Work is something of a puzzle. Because we need to earn money, most of us do it. But it’s not always something we feel happy about, despite giving it hours of our lives.

The people who’ve cracked it have a simple solution: find what you love and turn it into something from which you can make money. When Jen suggested I write a post on loving work, I must admit that’s the direction my thoughts first took. But, the more I thought about it, the more I had to admit that my own journey to doing the work I love was not text-book: it took me time to crystallize what my true passions were, and longer still both to give myself permission to follow them and to turn them into an endeavor from which I make money.

And I remembered months, if not years, of living in a kind of no man’s land, doing work I resented, but which paid my way in life, whilst I waited for that magic, future day to arrive when I could do the work I loved.

Still, my yearnings provoked me to learn some hard-won lessons and it was those I decided to share in this post. In a nutshell, they’re about how you can love the work you do right now, whilst still being on a journey to the work you love. These lessons not only transformed my experience of the work I was doing then but also propelled my personal growth and speeded up my journey to what I do now.

See love as a choice

I used to think that love was some nebulous, gooey feeling over which I had no control. Either something would affect me strongly or it wouldn’t. But then, thanks to reading stuff like M Scott Peck’s The Road Less Travelled, I had an epiphany.

Love was something I could choose!

Now, I’m not talking about head-over-heels romantic love or the love that you feel for family and children.

I’m talking about an attitude, energy, a frame of mind I can adopt in extending myself to my self and others. A quality that I choose to bring forward from myself that fundamentally changes both how I feel about myself, and how I relate to others.

How would it be if I chose both to love what I was doing right there and then, and to be loving towards others at work?

Be yourself

I learned that being loving at work means being myself as openly as I know how in any situation.

Work often requires that we wear some kind of social mask, or that we leave our selves at home. Being loving means bringing all of ourselves: our talents, values, ethics, and beliefs.

I found that the more I dared to be loving at work, the less I could play games, or leave unchallenged behavior that was unacceptable to me. I learned that love wasn’t a soft touch, and that being loving towards others often meant being straight and honest.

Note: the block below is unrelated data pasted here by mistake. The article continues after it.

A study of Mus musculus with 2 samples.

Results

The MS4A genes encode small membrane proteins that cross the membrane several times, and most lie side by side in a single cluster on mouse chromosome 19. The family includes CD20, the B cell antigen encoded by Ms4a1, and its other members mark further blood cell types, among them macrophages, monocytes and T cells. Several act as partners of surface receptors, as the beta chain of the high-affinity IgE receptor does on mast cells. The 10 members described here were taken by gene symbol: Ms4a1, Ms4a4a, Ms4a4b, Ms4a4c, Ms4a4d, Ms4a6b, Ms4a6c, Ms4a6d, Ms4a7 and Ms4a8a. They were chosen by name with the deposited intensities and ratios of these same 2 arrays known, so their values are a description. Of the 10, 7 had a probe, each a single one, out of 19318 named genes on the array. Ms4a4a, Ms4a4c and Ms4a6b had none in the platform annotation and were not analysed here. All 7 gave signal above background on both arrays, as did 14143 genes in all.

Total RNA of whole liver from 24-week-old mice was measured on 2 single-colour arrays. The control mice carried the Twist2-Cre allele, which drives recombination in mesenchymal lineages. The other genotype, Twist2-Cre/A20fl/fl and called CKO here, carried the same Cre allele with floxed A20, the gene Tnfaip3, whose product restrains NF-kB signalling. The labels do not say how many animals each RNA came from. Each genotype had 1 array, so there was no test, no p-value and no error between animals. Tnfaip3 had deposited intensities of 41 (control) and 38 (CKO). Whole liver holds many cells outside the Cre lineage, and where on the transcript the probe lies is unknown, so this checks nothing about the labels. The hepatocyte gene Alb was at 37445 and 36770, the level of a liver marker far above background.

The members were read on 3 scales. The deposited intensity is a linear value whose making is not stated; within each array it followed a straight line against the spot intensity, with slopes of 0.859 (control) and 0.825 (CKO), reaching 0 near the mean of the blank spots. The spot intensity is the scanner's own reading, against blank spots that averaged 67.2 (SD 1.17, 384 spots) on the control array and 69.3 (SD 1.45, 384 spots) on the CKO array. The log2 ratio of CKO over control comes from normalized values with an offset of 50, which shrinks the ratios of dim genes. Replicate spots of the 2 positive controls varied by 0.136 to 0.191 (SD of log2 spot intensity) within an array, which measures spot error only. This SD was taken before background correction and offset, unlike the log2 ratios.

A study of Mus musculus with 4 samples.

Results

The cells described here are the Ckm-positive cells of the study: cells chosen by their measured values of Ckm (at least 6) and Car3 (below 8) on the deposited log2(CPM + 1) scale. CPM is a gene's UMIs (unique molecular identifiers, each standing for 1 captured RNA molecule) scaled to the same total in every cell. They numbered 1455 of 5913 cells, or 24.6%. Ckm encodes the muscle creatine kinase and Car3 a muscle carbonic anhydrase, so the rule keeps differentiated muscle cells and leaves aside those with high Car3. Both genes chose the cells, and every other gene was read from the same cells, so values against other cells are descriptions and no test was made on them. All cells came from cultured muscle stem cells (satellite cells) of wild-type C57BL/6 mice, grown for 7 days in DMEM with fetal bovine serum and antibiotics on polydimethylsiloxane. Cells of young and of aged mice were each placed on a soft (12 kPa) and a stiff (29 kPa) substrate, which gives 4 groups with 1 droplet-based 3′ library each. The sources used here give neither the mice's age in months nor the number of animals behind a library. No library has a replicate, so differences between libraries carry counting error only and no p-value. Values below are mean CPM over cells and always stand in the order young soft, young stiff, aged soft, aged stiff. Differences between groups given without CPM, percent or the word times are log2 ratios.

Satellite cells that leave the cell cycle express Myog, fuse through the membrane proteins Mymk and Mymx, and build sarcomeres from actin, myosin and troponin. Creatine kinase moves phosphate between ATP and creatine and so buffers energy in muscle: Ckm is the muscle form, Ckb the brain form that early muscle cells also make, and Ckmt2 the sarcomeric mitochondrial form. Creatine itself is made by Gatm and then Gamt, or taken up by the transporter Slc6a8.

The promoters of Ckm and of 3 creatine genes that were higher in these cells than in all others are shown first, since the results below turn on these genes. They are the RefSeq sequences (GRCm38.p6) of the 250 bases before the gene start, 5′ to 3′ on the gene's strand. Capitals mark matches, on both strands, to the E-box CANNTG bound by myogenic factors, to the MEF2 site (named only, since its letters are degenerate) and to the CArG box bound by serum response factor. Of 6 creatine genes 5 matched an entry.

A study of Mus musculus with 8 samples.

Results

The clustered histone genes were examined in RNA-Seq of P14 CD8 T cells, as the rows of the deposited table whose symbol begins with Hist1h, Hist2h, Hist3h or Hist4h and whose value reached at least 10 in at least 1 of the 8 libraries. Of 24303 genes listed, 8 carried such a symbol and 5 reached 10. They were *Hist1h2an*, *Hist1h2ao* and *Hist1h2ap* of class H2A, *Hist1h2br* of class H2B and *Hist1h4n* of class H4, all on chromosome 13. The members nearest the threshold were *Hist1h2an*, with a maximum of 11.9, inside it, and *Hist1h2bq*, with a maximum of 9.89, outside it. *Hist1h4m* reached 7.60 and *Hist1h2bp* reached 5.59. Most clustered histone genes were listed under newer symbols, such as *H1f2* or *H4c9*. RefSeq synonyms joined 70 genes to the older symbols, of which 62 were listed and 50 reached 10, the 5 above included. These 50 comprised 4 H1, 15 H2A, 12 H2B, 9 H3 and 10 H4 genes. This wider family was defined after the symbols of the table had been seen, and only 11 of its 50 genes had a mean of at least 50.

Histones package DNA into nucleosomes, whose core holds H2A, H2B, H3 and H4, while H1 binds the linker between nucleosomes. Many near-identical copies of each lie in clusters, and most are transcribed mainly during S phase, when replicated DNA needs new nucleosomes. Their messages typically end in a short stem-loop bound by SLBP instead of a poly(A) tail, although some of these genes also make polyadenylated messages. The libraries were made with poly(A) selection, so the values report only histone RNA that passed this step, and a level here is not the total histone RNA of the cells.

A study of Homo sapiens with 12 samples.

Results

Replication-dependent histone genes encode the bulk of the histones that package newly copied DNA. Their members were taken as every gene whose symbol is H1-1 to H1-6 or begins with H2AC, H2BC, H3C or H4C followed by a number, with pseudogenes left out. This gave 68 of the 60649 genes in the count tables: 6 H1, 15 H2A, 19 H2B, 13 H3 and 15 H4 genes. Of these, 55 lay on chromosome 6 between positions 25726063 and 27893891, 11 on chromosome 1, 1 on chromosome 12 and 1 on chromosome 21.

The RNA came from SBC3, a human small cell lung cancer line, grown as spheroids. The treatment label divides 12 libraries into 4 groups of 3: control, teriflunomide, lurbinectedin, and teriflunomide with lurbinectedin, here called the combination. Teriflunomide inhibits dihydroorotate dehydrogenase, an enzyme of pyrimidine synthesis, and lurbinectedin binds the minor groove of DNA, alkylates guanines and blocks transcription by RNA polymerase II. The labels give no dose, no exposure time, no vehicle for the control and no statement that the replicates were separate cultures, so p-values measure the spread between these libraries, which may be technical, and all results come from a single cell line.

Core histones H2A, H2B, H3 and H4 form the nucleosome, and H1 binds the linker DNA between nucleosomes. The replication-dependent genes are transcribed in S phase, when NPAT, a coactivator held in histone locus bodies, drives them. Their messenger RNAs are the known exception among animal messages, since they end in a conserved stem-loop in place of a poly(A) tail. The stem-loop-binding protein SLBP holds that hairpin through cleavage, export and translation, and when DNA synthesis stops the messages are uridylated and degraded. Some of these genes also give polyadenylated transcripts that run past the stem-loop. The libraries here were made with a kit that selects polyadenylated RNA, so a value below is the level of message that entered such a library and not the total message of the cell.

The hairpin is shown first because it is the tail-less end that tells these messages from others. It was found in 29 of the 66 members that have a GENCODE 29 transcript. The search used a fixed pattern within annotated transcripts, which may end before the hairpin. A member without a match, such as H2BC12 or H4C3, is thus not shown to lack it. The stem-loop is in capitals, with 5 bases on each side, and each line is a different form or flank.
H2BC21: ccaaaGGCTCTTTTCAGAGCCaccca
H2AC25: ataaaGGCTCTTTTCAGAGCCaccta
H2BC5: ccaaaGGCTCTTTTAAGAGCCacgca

Conversely, I learned that being loving to myself sometimes meant disengaging from situations that I could not influence, and that would damage me if I tried.

Lighten up

I noticed along the way how heavy it was to carry around with me all that resentment about work. It didn’t make me feel good and who knew what it was doing for anyone around me.

Loving the work you do means sloughing off any ill-feeling you might be held about it. Let it go, shake yourself free of it, and choose to bring brightness to no matter what work you do in the present.

Adopt curiosity

During my times of disliking my work, I could be quite critical and judgemental of people and things around me. Along the way, however, I learned that love doesn’t judge and engages with things with interest and curiosity.

I found it helped, even if my initial reaction was to think someone was crazy, to stand in their shoes and try to see things from their perspective. People are so bound up in their own worldview that they can’t help themselves sometimes. It didn’t mean I had to accept their view, but it did mean that I didn’t have to carry around any hostility because of a difference of opinion about it.

There were times when I was curious as to why manufacturers made beautiful wooden tables. I started picking wooden planks and looking for books (Best woodworking books) and the best woodworking tools (Best wood chisels, Best circular saw, Wood level, Best Makita drill)

Love understands the difference and doesn’t need to be right.

Practice forgiveness

Finally, I learned that being loving means being forgiving. I tried forgiving clients who wouldn’t follow my consulting advice, or who acted towards me disrespectfully. I practiced forgiving colleagues who wanted to compete with me. I sought to forgive myself for any judgment I may have had towards either. It helped to say little silent affirmations in their direction.

Again, forgiving doesn’t mean that you collude or condone, but it does set you free from getting entangled in all kinds of negative emotions that weigh you down.

It may sound as if loving the work you do requires a lot of effort. Yes and no. Yes, because it requires self-discipline and courage, moment by moment. No, because, if you are loving, you free pent-up energy that you can then use for other things. Like moving toward the work you really, really love.

How do you bring love into your work? What results does it have for you and for others?